A reconciliation bill pushed by Senate Democrats aims to reduce the deficit by $300 billion by increasing taxes and IRS enforcement while spending $433 billion on “climate change” and Obamacare.
Senate Majority Leader Chuck Schumer (D-NY) and Sen. Joe Manchin (D-WV) on Wednesday unveiled the Inflation Reduction Act of 2022, which would attempt to “address record inflation by paying down our national debt, lowering energy costs and lowering healthcare costs.”
Manchin and Schumer struck the deal to advance the Democrat agenda and lower the deficit at a time when Americans continue to reel from record-high inflation.
According to a one-page summary of the bill, the Democrat reconciliation bill would:
- Raise $739 billion by:
- Setting a 15 percent corporate minimum tax, which would raise $313 billion.
- Allowing Medicare to negotiate the price of drugs, which would raise $28 billion.
- Increasing IRS tax enforcement, garnering $124 billion.
- Closing a loophole on the carried interest deduction.
- Spend $433 billion by:
- Extending enhanced Obamacare subsidies for three years, which would cost $64 billion.
- Enacting $369 billion in climate change and energy security.
- Reduce the deficit by $300 billion.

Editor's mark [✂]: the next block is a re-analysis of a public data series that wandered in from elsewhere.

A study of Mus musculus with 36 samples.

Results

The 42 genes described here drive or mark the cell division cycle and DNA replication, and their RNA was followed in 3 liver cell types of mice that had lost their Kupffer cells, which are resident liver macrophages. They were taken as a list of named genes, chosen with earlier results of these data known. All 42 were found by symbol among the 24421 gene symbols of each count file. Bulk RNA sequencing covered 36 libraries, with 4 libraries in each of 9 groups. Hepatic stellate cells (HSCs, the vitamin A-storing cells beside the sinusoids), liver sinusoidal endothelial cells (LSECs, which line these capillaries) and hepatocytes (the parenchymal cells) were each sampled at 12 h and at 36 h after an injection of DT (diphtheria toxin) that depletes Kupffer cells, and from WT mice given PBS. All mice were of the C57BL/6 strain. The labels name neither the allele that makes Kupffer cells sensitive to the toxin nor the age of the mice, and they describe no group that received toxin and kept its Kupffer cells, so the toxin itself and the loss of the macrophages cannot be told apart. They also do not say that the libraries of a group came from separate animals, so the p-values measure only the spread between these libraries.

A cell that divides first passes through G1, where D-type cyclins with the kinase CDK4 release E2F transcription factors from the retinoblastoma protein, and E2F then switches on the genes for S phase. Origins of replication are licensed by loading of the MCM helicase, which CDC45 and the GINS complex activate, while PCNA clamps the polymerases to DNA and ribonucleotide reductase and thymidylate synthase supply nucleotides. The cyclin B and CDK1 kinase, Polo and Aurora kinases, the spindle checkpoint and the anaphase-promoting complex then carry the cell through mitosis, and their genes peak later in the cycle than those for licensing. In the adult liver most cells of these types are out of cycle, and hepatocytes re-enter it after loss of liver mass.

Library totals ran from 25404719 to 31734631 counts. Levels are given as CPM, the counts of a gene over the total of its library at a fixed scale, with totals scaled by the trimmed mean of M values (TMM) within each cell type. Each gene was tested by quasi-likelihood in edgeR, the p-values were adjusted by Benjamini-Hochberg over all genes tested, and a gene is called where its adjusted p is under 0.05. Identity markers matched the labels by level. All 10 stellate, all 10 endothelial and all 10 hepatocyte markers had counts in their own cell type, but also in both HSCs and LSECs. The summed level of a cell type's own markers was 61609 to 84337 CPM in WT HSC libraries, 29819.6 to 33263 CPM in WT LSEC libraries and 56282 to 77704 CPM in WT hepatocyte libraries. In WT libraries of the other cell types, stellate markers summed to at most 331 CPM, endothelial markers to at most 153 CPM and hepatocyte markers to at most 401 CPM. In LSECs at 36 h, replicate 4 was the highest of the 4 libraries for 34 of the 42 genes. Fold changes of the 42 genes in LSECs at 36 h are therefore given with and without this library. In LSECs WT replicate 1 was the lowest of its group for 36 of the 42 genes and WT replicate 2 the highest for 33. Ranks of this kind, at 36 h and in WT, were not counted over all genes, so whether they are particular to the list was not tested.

Manchin and Schumer said in a statement on Wednesday:
It is past time for America to begin paying down our $30 trillion national debt and get serious about the record inflation that is crushing the wages of American workers. In practical terms, the Inflation Reduction Act of 2022 would dedicate hundreds of billions of dollars to deficit reduction by adopting a tax policy that protects small businesses and working-class Americans while ensuring that large corporations and the ultra-wealthy pay their fair share in taxes.
Tax fairness is vital to our nation’s economic future. It is wrong that some of America’s largest companies pay nothing in taxes while freely enjoying the benefits of our nation’s military security, infrastructure and rule of law. It is commonsense that a domestic corporate minimum tax of 15 percent be applied only to billion-dollar companies or larger ensuring that America’s largest businesses are no longer able to operate for free in our economy. Furthermore, to avoid inevitable partisan gamesmanship and increase confidence in the fairness of the tax system, tax reform should never put U.S. businesses at a disadvantage against international competitors.